Doctors are campaigning for this new symptom to be officially added to the list.
Woman holding feet toes

By now, most people are well-aware of the most common signs and symptoms of a COVID-19 infection, which include a fever, shortness of breath, loss of sense of taste and smell, dry cough, and fatigue. However, there is an additional skin condition that could also predict that an individual is suffering from coronavirus, and experts are hoping to make it official. Read on, and to ensure your health and the health of others, don't miss these Sure Signs You've Already Had Coronavirus

Body Rash or Rash on Fingers or Toes a 'Key Sign'

According to the British Association of Dermatologists, an overwhelming number of people who are COVID positive are reporting skin manifestations of the virus, ranging from a body rash to an unusual rash on their fingers or toes. 

Per the Covid Symptom Study, nine percent of people who were swab-tested for the virus and reported their symptoms on the app, reported one of these types of rashes. The King's College London researchers behind the app maintain that the symptom, which can appear before, during, or after an infection, was a slightly better predictor of a positive swab test than a fever or cough. For 21 percent, rashes were the only sign of infection. They were also twice as common in children as in adults.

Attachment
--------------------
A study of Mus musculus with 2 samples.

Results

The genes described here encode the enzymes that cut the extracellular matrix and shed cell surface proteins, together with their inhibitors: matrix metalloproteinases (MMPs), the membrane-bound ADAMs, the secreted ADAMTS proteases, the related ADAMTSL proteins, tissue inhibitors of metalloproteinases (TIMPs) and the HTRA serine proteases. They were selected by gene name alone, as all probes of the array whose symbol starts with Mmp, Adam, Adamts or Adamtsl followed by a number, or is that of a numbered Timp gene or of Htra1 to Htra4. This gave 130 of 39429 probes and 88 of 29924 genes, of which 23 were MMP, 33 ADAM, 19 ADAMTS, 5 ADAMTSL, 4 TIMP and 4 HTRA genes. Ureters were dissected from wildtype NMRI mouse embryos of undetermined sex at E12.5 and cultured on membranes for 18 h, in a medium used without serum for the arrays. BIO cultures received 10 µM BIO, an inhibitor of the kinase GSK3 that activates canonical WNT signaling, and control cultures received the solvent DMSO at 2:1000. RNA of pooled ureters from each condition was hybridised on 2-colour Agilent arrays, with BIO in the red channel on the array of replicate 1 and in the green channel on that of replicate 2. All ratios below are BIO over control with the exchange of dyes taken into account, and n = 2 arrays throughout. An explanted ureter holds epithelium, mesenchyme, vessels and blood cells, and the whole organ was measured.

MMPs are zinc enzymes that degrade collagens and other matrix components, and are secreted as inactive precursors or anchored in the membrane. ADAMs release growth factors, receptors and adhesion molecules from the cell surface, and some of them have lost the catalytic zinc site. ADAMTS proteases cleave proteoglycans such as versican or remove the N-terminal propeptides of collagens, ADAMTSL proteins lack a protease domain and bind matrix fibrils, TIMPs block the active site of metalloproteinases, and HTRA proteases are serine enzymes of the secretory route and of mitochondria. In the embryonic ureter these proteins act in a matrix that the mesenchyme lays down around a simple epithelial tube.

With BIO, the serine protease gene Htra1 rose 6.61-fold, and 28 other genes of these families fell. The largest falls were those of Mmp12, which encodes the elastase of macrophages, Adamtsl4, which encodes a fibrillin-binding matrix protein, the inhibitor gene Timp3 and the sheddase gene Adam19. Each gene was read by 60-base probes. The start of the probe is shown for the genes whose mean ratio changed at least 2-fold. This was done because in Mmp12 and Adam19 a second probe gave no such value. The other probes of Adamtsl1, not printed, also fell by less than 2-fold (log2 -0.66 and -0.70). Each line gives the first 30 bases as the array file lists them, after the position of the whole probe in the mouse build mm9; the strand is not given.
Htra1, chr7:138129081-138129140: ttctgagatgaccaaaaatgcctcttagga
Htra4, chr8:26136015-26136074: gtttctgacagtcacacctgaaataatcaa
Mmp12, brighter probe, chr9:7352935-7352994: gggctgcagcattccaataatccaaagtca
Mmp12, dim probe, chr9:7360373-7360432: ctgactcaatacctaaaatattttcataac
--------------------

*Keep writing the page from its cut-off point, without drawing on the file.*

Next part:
RELATED: 11 COVID Symptoms No One Talks About But Should

Spotting the Rash Can Save Lives—Including Yours

Due to the evidence, and the fact that the WHO has included "a rash on skin, or discolouration of fingers or toes" on its list of symptoms for months, the group of UK dermatologists maintain that "rashes are a key symptom of Covid," and should be added to the NHS official list of symptoms. Currently the list only includes "a high temperature," "a new, continuous cough," and "a loss or change to your sense of smell or taste." 

"We have asked the government to add a new skin rash to the official NHS list of signs and symptoms of Covid-19, as it will reduce infections and save lives," Tim Spector, professor of genetic epidemiology at King's College, told The Times. 

The CDC also does not have it on its list of official symptoms.

"The association between certain rashes and Covid-19 has become increasingly clear, and being able to recognise these is crucial for reducing the spread of the disease," added Dr. Tanya Bleiker, President of the British Association of Dermatologists. And to get through this pandemic at your healthiest, don't miss these 35 Places You're Most Likely to Catch COVID.